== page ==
Beneficiaries on Thai Bank accounts.


Part of the problem with trying to deal with Thai banks is you keep getting different answers from different banks and all too often different answers from different branches of the same bank. My advice would be to go to your branch office and see if they have a standard form for naming a beneficiary. If there is no standard form, then I think you better consult a Thai attorney to get an accurate answer.

I would also suggest asking your embassy about it. I did not ask the USA embassy about a beneficiary for a Thai bank account, but I did ask about wills. I was told that it doesn't matter about a will. When a USA citizen dies within Thailand, ultimately the embassy gets the jurisdiction about how personal property and effects are to be disposed of. They said when an American dies in Thailand, the first thing the embassy looks for is the passport. The embassy contacts the next of kin and all decisions are left to the next of kin, even if you have both an American and a Thai will. Everything is still up to the next of kin and all you can do, with or without a will, is trust that your next of kin will respect your wishes. I did not ask what happens if there is no next of kin.

Based upon what has been going on regarding my late friend's bank account, apparently it can be a real problem. But no one in my late friend's family has actually come to Thailand to retrieve the money. They say there was not enough money left in the account to make it worth a trip here. They did, so they say, consult a Thai attorney via telephone calls and Email, but the attorney's fees also did not make it worth pursuing. They stopped trying. I do not know what will eventually become of the money, but I would guess that after a period of time the bank gets the funds left in dormant accounts.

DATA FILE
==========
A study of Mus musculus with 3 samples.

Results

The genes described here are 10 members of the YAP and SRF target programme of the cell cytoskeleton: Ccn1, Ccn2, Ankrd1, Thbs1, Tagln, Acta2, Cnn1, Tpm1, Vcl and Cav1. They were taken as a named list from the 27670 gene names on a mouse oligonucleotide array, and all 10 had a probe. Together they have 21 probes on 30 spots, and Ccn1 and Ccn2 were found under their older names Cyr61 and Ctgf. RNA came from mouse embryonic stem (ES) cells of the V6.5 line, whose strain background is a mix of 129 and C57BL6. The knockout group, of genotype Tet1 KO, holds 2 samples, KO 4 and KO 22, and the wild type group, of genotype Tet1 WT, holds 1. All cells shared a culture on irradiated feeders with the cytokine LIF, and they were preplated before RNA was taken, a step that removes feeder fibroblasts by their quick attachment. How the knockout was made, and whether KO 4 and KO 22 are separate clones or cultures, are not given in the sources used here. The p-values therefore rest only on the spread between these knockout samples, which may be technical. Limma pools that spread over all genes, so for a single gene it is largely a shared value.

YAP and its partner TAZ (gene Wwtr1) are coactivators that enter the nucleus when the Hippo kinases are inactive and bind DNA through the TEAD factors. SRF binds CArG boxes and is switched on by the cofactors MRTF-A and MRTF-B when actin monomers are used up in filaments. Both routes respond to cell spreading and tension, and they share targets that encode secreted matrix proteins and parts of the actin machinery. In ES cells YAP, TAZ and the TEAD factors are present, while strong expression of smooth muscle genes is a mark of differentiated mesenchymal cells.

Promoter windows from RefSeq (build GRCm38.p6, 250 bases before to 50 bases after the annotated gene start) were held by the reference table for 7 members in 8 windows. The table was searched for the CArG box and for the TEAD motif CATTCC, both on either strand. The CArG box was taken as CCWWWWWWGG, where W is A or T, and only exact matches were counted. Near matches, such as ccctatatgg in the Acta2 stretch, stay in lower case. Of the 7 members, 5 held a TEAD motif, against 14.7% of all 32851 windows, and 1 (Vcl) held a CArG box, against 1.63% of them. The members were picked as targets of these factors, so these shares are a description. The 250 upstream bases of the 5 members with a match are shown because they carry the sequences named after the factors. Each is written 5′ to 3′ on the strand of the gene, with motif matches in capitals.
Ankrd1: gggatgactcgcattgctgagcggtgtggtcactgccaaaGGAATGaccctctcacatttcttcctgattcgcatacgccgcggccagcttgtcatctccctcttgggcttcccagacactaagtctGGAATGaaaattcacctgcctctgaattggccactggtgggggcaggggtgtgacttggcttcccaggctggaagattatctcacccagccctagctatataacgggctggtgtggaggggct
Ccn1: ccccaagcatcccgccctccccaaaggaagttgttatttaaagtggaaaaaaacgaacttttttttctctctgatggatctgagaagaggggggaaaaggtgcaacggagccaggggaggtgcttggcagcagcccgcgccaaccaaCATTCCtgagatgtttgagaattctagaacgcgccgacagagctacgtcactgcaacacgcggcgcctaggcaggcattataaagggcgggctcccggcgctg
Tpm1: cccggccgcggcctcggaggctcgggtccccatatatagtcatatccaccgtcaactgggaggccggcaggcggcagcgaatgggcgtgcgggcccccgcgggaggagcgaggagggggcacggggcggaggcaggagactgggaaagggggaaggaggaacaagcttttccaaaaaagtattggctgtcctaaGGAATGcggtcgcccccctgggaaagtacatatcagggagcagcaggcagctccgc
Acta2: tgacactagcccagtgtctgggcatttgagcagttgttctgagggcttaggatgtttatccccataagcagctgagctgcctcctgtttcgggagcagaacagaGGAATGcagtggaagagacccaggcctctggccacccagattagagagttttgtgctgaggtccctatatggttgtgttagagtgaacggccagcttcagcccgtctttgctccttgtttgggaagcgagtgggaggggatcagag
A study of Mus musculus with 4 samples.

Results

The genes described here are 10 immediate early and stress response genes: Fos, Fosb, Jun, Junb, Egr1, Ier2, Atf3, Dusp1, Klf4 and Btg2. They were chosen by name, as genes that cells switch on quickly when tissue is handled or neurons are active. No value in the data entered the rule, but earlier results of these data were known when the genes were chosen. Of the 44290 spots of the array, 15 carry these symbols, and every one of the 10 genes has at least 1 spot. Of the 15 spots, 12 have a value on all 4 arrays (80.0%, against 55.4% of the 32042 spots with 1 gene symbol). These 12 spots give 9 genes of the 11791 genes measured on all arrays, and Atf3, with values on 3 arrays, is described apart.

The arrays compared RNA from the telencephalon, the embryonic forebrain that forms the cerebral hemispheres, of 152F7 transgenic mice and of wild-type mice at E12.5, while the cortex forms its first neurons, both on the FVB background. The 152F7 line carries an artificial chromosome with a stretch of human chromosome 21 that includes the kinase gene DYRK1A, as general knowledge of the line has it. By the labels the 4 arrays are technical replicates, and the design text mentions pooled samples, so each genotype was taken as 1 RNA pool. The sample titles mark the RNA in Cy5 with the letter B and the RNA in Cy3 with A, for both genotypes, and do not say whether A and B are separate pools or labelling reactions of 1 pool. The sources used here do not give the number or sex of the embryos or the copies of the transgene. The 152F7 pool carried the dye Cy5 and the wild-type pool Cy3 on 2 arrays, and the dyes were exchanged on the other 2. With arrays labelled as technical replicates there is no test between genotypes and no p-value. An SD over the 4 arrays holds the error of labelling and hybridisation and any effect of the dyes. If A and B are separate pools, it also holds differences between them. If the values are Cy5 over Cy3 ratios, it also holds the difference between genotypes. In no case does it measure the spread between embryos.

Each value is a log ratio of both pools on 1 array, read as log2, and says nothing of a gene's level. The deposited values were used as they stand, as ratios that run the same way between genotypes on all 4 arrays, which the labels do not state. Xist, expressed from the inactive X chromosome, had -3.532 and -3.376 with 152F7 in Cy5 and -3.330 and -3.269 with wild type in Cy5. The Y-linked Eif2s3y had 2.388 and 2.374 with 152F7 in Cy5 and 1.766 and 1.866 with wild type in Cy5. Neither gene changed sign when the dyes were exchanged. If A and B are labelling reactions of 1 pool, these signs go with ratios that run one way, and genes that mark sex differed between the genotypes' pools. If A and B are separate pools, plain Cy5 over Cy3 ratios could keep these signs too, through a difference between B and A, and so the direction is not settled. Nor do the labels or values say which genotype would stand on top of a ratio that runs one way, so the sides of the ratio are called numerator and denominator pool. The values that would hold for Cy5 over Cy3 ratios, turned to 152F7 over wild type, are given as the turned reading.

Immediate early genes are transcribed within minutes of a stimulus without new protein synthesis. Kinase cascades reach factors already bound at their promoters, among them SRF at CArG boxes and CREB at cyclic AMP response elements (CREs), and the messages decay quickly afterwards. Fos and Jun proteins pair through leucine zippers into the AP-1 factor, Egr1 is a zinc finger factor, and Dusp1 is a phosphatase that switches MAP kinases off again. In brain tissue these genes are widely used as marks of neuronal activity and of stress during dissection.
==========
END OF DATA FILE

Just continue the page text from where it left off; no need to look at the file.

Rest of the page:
I think the easiest solution would be to open a joint account with the person you want for a beneficiary if, and only if, you can be certain you can fully trust him or her.


I use the 800k baht routine for my one-year visa and I've heard about all the nightmares in getting money back to the US in case of your death (it can be done but it's apparently expensive and a nightmare). On advice of a Thai lawyer, I simply made a Will (in Thai) to make sure my Thai beneficiary gets the money if/when I get nailed by a bus or whatever. He (the beneficiary} and the Thai lawyer each have an original Will (and, yes, I can change it if/when I should ever want to do so).

I simply don't want my beneficiary as a co-owner of my account. Mainly that's because I like to keep my personal financial matters private although I also don't know 100% that I can always trust him (the beneficiary) all the time. My beneficiary also has an account at SCB and I can transfer funds to his account online with the click of a mouse (and with no charge from the bank for doing so).